Gladstone executive leaves hospital in better shape
TWO and a half years ago Dr Nicki Murdock arrived at Gladstone Hospital, in a community where many had little faith in the quality of service the hospital provided.
Tomorrow, she leaves her position as executive director of medical services, satisfied that much of that public perception has been resolved.
"I feel we now have a hospital that people have much greater confidence in," she said.
"The people trust our hospital more - and they are right to."
Many of the improvements have come about because Dr Murdock has been able to recruit specialist staff in many areas, where before the departments relied almost solely on locums.
"There is much greater continuity and stability these days," she said.
"And the creation of Gladstone as a regional training hospital has helped to attract junior staff.
"Add to that, the better partnerships we now have within the hospital itself and with the community in general, and things are much better.
"I believe a lot of the improvement has been brought about by the 'Here for Health' initiative of Rio Tinto, which has brought medical professionals and key members of the community together.
"Without that initiative we would probably not have seen the co-operation we now enjoy."
She said there was a "different atmosphere" in the hospital these days, and people were working together better.
"It comes down to being able to employ permanent staff rather than have locums come and go."
Dr Murdock's next move is to Brisbane, where she and her husband Brian will be closer to family.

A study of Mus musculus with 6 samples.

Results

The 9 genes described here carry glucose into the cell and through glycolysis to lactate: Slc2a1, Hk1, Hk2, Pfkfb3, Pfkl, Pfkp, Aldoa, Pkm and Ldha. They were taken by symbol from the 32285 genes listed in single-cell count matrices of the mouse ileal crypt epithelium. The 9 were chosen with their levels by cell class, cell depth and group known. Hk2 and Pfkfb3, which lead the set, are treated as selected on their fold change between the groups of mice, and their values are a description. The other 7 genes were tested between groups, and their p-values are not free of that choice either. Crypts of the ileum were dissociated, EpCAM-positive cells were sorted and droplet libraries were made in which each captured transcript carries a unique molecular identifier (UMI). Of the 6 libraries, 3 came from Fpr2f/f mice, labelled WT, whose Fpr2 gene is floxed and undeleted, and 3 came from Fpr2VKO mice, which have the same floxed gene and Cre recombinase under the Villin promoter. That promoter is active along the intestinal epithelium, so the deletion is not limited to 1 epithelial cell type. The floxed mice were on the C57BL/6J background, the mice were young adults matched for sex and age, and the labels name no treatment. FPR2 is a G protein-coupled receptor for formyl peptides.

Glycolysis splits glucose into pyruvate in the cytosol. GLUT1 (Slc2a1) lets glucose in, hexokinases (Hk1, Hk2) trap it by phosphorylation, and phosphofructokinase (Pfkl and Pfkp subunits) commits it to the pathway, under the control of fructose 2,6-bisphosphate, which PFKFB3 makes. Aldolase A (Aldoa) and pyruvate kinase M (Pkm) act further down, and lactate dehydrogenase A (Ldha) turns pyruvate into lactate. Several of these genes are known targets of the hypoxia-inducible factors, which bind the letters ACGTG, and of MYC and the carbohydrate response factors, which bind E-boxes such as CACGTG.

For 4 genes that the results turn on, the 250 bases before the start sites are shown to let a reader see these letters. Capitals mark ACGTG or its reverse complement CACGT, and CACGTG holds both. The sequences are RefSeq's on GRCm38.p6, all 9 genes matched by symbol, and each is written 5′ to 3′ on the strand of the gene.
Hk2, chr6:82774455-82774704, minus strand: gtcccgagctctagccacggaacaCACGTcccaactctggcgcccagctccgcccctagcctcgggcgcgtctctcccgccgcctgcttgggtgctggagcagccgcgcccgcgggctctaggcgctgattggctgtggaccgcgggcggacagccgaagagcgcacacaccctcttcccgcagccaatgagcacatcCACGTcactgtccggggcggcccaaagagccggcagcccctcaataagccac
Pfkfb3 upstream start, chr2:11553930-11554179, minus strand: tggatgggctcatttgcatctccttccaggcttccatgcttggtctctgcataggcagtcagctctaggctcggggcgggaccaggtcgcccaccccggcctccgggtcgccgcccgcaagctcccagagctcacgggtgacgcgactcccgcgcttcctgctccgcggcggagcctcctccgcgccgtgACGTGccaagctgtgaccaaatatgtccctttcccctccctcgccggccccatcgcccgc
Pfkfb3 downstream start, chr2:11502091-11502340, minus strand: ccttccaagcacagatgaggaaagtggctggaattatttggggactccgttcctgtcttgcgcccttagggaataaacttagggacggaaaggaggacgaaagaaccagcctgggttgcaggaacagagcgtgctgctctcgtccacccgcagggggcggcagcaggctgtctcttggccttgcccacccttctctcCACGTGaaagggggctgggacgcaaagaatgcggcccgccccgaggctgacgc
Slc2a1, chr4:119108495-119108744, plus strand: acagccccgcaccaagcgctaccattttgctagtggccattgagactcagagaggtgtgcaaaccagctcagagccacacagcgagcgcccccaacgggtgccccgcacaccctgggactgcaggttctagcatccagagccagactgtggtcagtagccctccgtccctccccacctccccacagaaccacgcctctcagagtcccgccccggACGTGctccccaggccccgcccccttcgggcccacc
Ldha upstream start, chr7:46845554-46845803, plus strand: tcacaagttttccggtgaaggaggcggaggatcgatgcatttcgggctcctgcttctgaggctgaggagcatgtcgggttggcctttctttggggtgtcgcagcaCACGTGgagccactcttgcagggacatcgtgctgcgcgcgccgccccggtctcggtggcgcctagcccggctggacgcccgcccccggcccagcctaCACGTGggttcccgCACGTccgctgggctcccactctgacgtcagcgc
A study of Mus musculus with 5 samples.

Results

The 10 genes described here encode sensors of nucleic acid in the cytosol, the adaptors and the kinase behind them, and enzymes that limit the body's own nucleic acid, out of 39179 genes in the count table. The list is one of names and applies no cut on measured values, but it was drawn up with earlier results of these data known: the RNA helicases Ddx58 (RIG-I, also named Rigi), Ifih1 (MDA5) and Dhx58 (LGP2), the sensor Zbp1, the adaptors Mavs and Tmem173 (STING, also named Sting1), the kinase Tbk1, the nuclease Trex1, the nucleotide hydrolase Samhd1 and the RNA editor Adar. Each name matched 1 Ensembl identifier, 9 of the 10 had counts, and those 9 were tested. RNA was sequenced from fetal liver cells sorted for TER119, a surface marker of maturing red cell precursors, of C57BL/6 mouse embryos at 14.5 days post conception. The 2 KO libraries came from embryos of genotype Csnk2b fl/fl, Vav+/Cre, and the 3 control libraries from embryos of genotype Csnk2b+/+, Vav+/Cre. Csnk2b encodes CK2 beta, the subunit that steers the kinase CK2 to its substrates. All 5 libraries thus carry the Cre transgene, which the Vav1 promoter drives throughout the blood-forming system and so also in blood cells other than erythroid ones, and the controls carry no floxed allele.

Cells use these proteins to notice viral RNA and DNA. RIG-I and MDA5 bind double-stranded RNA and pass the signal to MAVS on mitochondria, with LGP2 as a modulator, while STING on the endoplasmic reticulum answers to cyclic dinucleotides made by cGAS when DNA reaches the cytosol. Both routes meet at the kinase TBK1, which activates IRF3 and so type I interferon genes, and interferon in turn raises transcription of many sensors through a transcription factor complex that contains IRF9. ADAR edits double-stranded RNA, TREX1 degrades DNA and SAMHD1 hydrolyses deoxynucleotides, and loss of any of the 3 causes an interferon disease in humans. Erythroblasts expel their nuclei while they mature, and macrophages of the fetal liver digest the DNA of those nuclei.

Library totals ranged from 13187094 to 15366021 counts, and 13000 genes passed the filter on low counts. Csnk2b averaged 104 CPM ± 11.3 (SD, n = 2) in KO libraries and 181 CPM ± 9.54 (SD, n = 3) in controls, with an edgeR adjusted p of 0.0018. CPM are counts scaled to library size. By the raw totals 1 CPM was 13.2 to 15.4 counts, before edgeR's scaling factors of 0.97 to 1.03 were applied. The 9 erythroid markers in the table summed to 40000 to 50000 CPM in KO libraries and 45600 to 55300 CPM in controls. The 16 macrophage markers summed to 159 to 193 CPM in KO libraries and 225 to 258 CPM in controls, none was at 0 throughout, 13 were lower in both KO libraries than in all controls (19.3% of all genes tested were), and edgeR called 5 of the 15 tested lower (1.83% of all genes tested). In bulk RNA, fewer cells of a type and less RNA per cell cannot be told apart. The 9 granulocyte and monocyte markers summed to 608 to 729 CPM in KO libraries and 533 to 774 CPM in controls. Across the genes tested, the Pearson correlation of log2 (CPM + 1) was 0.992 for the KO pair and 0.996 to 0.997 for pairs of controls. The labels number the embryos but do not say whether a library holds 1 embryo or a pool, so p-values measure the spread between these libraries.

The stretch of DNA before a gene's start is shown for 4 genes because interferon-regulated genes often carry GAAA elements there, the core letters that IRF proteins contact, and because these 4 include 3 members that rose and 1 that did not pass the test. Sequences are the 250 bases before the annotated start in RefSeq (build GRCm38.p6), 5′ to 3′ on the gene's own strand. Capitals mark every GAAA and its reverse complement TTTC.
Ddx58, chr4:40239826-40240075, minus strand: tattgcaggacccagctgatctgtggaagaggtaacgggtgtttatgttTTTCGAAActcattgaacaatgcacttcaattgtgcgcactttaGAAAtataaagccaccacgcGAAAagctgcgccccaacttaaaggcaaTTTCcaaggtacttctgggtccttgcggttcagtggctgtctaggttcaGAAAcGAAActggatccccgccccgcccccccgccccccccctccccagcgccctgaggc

"And I'll then take some time to think what to do next, but ultimately another leadership role in health.
"After two and a half years, I need to take a break - and it's time to hand over the reins to someone else who can continue the good work we have achieved."
She said the next steps needed to continue the improvement were to look at new ways to do things.
"We have been in discussion with (surgeon) Dr Emelia Dauway about setting up a one-stop breast clinic, which will help patients considerably.
"And with the money which has been recently allocated, it will be good to see physical improvements within the hospital continue, such as the upgrade of the A and E department.
"We have already seen a lot of industry money come into the hospital to create a renal facility, and to upgrade the high dependency unit and operating theatres - work which is coming close to completion."
Dr Murdock said she had thoroughly enjoyed her time at Gladstone Hospital.
"I am really going to miss the people - working at this hospital has been one of the happiest experiences I have had in this profession."
Central Queensland Health and Hospital service CEO Len Richards praised the achievements of Dr Murdock in "virtually turning Gladstone Hospital around".
"I'll be sad to see her leave us. She has had many successes in recruiting permanent specialist staff, which has resulted in much greater stability," he said.
Mr Richards said he had been working toward recruiting a new director of medical services.